I spent two days last week with my mother and her sister, Vicki, visiting my great aunt Lorraine in Los Osos, California. It’s been fifteen years (that’s half my life) since I’ve hugged her. She’s now 92 and stunning, thinner and frailer but still absolutely beautiful with fantastic style and fire red hair (she’s had it dyed every three weeks for the past 50 years).
It’s interesting to me how I feel about Lorraine. I have many great aunts and uncles. Every one of my grandparents came from large farming families. There were plenty of relatives to run into from time to time growing up, but none of them were loved the way I’ve loved Lorraine. I saw her rarely in my childhood, every three or four years, maybe, when we took our family trip to the west coast, or when she came to Amarillo to visit my great grandmother “Mama Mac” (for whom my Mama Monk name draws some inspiration). Perhaps it was her love for white pant suits and big gold clip-on earrings or her forty-year commitment to the same Este Lauder perfume. (I was relieved to catch that sweet scent on her when we hugged.)
But I know the reason I love her dearly is because my grandmother, Cotton, loves her dearly. There was no way to grow up listening to Cotton’s stories of childhood and World War II and being a young mom in the fifties, without falling in love with Lorraine, my grandmother’s dearest, and wonderfully colorful sister.
Before coming last week, my aunt Vicki spent weeks scanning in old family slides from the summers they spent in California during my mom’s childhood. I’ve loved gliding through one photo after another, staring at these two beautiful blondes sunbathing in their two pieces. My husband has always had a secret crush on my grandmother in her young, glamorous twenties and thirties, when she was a gorgeous blonde with uniquely arched eyebrows and constantly tanned skin. But he’s been astounded by the two of these women together in black and white, bronzed on the beach, simply oozing elegance. I’m honored to say I will never be so lovely.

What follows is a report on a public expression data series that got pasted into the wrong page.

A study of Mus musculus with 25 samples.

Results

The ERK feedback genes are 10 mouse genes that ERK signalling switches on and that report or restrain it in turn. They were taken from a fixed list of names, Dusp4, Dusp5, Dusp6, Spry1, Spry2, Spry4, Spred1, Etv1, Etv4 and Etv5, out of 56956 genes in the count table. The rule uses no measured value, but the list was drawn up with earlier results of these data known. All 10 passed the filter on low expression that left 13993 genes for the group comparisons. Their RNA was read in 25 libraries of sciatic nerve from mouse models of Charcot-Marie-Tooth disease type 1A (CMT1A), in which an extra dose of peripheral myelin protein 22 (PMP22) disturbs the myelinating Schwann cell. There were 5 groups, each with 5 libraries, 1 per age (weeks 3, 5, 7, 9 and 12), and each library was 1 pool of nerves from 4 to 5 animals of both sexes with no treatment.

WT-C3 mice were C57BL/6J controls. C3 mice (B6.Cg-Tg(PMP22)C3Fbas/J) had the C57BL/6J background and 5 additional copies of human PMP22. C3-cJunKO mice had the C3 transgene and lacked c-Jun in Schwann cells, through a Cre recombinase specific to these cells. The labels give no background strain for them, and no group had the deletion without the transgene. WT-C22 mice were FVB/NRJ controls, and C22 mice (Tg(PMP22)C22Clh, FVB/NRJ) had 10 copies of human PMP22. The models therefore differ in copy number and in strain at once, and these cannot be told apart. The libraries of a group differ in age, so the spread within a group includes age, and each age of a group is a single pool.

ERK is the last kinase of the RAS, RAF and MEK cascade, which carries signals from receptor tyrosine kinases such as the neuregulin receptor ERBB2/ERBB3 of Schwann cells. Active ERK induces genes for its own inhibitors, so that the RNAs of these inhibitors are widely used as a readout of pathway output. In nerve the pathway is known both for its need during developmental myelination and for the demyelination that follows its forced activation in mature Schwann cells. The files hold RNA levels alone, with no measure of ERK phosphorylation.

Last week, as I was scrubbing the toilet in preparation for mom and Vicki’s rapidly approaching arrival, I called to wish my grandparents a happy sixty-eighth wedding anniversary. (Yes, I wrote that correctly. Sixty-eighth.) I mentioned to Cotton how much I wished she could make the trip out to California to see Lorriane.
She said to me, “Micha, it takes a special kind of grace to accept what you can’t do anymore. And I don’t think I can travel out there ever again.”
I said, “Well, then, do you think you have it? That special grace?”
“I’m beginning to,” she said.
During my visit with Lorraine, I was shocked at how much her face is like my grandmother’s, the same expressions, the same quiver in her voice, arthritic fingers, hands covered with the raised veins that I have always loved on my grandmother’s hands, that I traced with my pointer finger as a child while I sat beside her.
I’ve always hoped that dying would be like every other change in my life. Remember how scary leaving for college was and how there was this wonderful longing for adventure mixed into that fear? I’ve felt that way about every move in my life. I felt that way about marriage, about having a baby, about leaving the ministry. As scary as the jump is, there has always been solid hand on my back, lovingly shoving me off the ledge.
What is that special kind of grace Cotton was talking about? Is there a moment when it arrives? Do I need to start looking for it now? I fear the day when I cannot see or talk to my two big brothers…when we’re too confused to have phone conversations, when I can’t get on a plane because I’m too frail to travel, when our grandkids don’t know each other and dread being forced into conversation at some Boyett family reunion.
But I pray there is some secret grace waiting in that moment, like the one I knew Thursday afternoon, when I lay my sleepy baby on Lorraine’s bed, sang him a song and snuck out of the room, stopping for a moment to stare at those two beautiful blondes smiling in the framed 1940’s photograph. A whole life ago, those girls posed. Young smooth hands and inside jokes, they shared memories of days on the farm in Floydada, Texas. They were working in California, waiting for their men to return from war.
I stared at my sleeping blond boy, whose right eyebrow arches in the same unique angle as Cotton’s. I thought, how is the world so beautiful? How is it so broken?